January 9, 2018 – Two Georgetown students and an alumna are among a group of only 30 students and college graduates selected nationwide for the highly competitive 2018 Rangel Graduate Fellowship.

Alumna Marta Aparicio (C’14) of Providence, Rhode Island; Kala Deterville (C’18) of Queens, New York; and Sofia Gomez (SFS’18) of Hanover, New Hampshire, have received the fellowship, which provides financial support for two years of graduate study, internships, mentoring and professional development leading to careers in the Foreign Service.

Georgetown tied this year with Florida State University as the top producer of Rangel Fellows in the country.

‘Efficacy of Giving’

"Having three fellows this year primarily testifies to each of their extraordinary qualities,” says John Glavin, director of the Office of Fellowships, Awards and Research for Undergraduates. “Once again, we see the ongoing power of the Jesuit ideal, training men and women who will work not only for their own success, but also for the wellbeing of humankind.”

Aparicio, who graduated from Georgetown College with a double major in sociology and government, says she was inspired to pursue a career in the Foreign Service after a diplomat from the U.S. Embassy in Guatemala City granted her a visa to reunite with her parents after 11 years.

A first-generation student, Aparicio came to the United States 15 years ago from Guatemala without her parents and the visa allowed her to reunite with her family in the United States.

“I know the efficacy of giving and receiving help,” she says.

Helping Others

While at Georgetown, Aparicio assisted applicants as part of the financial aid peer counseling group, coached fellow students as a mentor in the Georgetown Scholarship Program and welcomed new students to campus as a coordinator for the Preparing to Excel Program.

After graduating, she taught English as a second language in Miami and mentored unaccompanied children and refugees as a volunteer for three years. She now works as an employment case manager for the Providence Housing Authority in Rhode Island.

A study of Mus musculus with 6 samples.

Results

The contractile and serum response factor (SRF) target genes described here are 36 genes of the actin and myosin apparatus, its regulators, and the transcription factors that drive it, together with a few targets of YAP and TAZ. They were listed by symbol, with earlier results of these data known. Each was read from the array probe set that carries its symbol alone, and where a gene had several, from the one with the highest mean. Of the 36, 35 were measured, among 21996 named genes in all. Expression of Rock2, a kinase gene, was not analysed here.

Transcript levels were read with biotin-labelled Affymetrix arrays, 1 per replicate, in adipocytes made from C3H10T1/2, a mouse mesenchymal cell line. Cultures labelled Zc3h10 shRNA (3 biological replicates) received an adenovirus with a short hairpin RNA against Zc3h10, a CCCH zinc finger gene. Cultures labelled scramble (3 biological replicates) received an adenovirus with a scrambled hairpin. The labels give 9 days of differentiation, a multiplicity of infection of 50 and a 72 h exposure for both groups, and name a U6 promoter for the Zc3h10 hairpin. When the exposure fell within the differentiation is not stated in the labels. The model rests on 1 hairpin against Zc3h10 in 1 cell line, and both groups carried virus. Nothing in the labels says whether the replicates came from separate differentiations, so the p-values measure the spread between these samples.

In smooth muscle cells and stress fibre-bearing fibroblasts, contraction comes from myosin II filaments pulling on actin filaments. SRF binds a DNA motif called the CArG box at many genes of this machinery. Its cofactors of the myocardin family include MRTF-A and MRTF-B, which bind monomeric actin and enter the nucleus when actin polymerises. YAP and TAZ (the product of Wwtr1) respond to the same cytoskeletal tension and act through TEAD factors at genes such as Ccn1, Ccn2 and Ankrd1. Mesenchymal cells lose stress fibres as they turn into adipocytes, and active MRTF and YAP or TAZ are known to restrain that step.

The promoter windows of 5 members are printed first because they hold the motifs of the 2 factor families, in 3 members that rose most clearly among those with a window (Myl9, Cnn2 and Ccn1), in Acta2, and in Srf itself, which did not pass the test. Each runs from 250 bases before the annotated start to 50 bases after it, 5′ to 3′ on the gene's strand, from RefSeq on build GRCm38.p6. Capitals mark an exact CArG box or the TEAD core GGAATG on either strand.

"It will be a privilege to continue being an active citizen as a U.S. diplomat representing America and promoting its national interests abroad,” she says.

Broadened Understanding

Deterville, a Japanese and government double major, says her interest in other cultures began when her family started hosting foreign exchange students.

“We have had about 15 to 20 international students who lived at our home and went to an English school,” Deterville explains. “Students from France, Spain, Brazil, Africa, Korea, Japan, Mexico, everywhere. This experience really broadened my understanding of other cultures and how to communicate my own culture.”

While at Georgetown, she interned for Rep. Hakeem Jeffries (D-New York) (G’94) and worked in the Executive Office of the President of the United States during the Obama administration.

“Being here in D.C. provides a lot of opportunities,” says Deterville, who hopes to use the Rangel Fellowship in Japan as a Foreign Service officer after graduate school. “D.C. is just the perfect location to have academic and professional opportunities and to take classes from distinguished professors.”

She traveled abroad her junior year to study at Waseda University in Tokyo, thanks in part to the Boren and Gilman scholarships she received in 2015.

“As I gain experience and rank, I hope to be recognized for my commitment to ensure U.S. national security and be appointed as the first female African American U.S. Ambassador to Japan," Deterville says.

Early Interests

Gomez, an international politics major, spent a month during the summer teaching English in China and another month managing media requests for the mayor’s office in St-Omer, France.

This past fall, she interned in the Bureau of Near Eastern Affairs in the Office of Press and Public Diplomacy at the State Department.

“I had always known I wanted to go into the Foreign Service, as early as high school,” Gomez says. “The U.S. government, along with the State Department, helped my dad, a political refugee from Cuba, restart his life here in the 1960s. On my mom’s side, my grandfather was a police officer, so public service was always on my mind.”

More to Learn

She credits the Georgetown community for helping her learn how to make the most of opportunities in her desired field.

Gomez, who is pursuing a certificate in Arab Studies at Georgetown, hopes to work as a Foreign Service officer in the Middle East.

“At the age of 17 I went to Jordan for one month, and I have been interested in the region ever since,” Gomez says. “Every time I take a class on some aspect of Middle Eastern culture or politics or history, I am reminded of how much more I can still learn.”